Co-Authored by Carrie Lukas
In a recent interview with the BBC, President Obama said “the U.S. cannot impose its values on other nations.” That sounds like common sense in this era of multiculturalism: Who are we to suggest that we know better how society should be ordered? It may be a part of the Obama administration’s new, humble foreign policy, but it's the same awkward moral relativism that has pervaded our culture for decades.
Yet, when it comes to respect for human rights and individual liberty, all countries are not created equally. President Obama knows this, and attempted to thread the needle between expressing a desire not to impose and rhetorically maintain the U.S. commitment to advancing human rights. He explained: “Democracy, rule of law, freedom of speech, freedom of religion -- those are not simply principles of the West to be hoisted on these countries, but rather what I believe to be universal principles that they can embrace and affirm as part of their national identity."
Undoubtedly, the leaders of other countries disagree. Freedom of speech is hardly a value embraced by North Korea, which has just locked up two American journalists. China isn’t exactly keen on democracy—or freedom of religion for that matter. And of course, there are the recent demonstrations in Iran, where foreign journalists were thrown out of the country and protestors were arrested, forced to do televised “confessions,” and, in some tragic cases, shot dead by the pro-government Basij militia.
Women’s rights are supposed to be one of those universal principles, as President Obama acknowledged in his speech to the Muslim world in Cairo. He noted that the U.S. will support literacy and economic opportunities for women around the globe. Yet he failed to live up to his promise to discuss the problem “squarely.” Indeed by saying “the struggle for women's equality continues in many aspects of American life,” he belittled the real plight of women around the globe.In many places, women are treated brutally and denied basic rights. In Iran, women can be stoned to death for alleged sexual offenses. Women in Africa are often raped by soldiers who consider it a normal method of waging war. Women in Saudi Arabia are not permitted to be alone in public or to drive. In growing parts of Pakistan and Afghanistan, girls are denied access to basic education.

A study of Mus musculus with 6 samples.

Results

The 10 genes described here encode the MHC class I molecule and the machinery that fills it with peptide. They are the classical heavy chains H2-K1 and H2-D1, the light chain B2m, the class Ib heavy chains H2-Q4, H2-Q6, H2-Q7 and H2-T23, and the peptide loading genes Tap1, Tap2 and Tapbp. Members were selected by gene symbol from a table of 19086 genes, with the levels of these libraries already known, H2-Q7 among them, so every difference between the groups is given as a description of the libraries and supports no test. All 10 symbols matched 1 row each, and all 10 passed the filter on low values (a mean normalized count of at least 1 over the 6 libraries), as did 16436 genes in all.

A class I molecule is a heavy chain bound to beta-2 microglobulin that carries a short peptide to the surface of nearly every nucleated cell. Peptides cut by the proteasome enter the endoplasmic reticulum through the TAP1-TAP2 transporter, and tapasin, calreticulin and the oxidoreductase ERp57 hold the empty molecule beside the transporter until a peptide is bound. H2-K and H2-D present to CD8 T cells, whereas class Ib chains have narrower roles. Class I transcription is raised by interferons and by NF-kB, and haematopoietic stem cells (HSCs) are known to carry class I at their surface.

The United States needs to be a strong, unequivocal voice saying that this is wrong, and regimes that allow such practices fail their people.
Those who suggest that Obama is simply engaging in a game of semantics—rhetorically opposing “imposing” American values while remaining just as committed to their advancement—ignore disturbing early signs from the Administration that the issue of human rights, and women’s rights, has been downgraded as an American priority.
During Obama’s much ballyhooed campaign trip to Europe, human rights were barely mentioned in his speeches. After the election, in his first interview as President (to the Dubai based Al-Arabiya network), Obama explained that his Administration would be doing things differently because “all too often the United States starts by dictating.” In February, Secretary of State Hillary Clinton visited China and to the shock of many within the human rights world, failed to mention human rights to her hosts. Questioned afterwards about the omission, the Secretary explained that “our pressing on those issues can’t interfere with the global economic crisis, the global climate change crisis and the security crisis.”
The United States needs to be a strong and vocal advocate for freedom to all audience. To do that President Obama needs to recognize that some values are worth imposing.
Carrie Lukas is the vice president for policy and economics at the Independent Women’s Forum and Julie Gunlock is a senior fellow at the Independent Women’s Forum.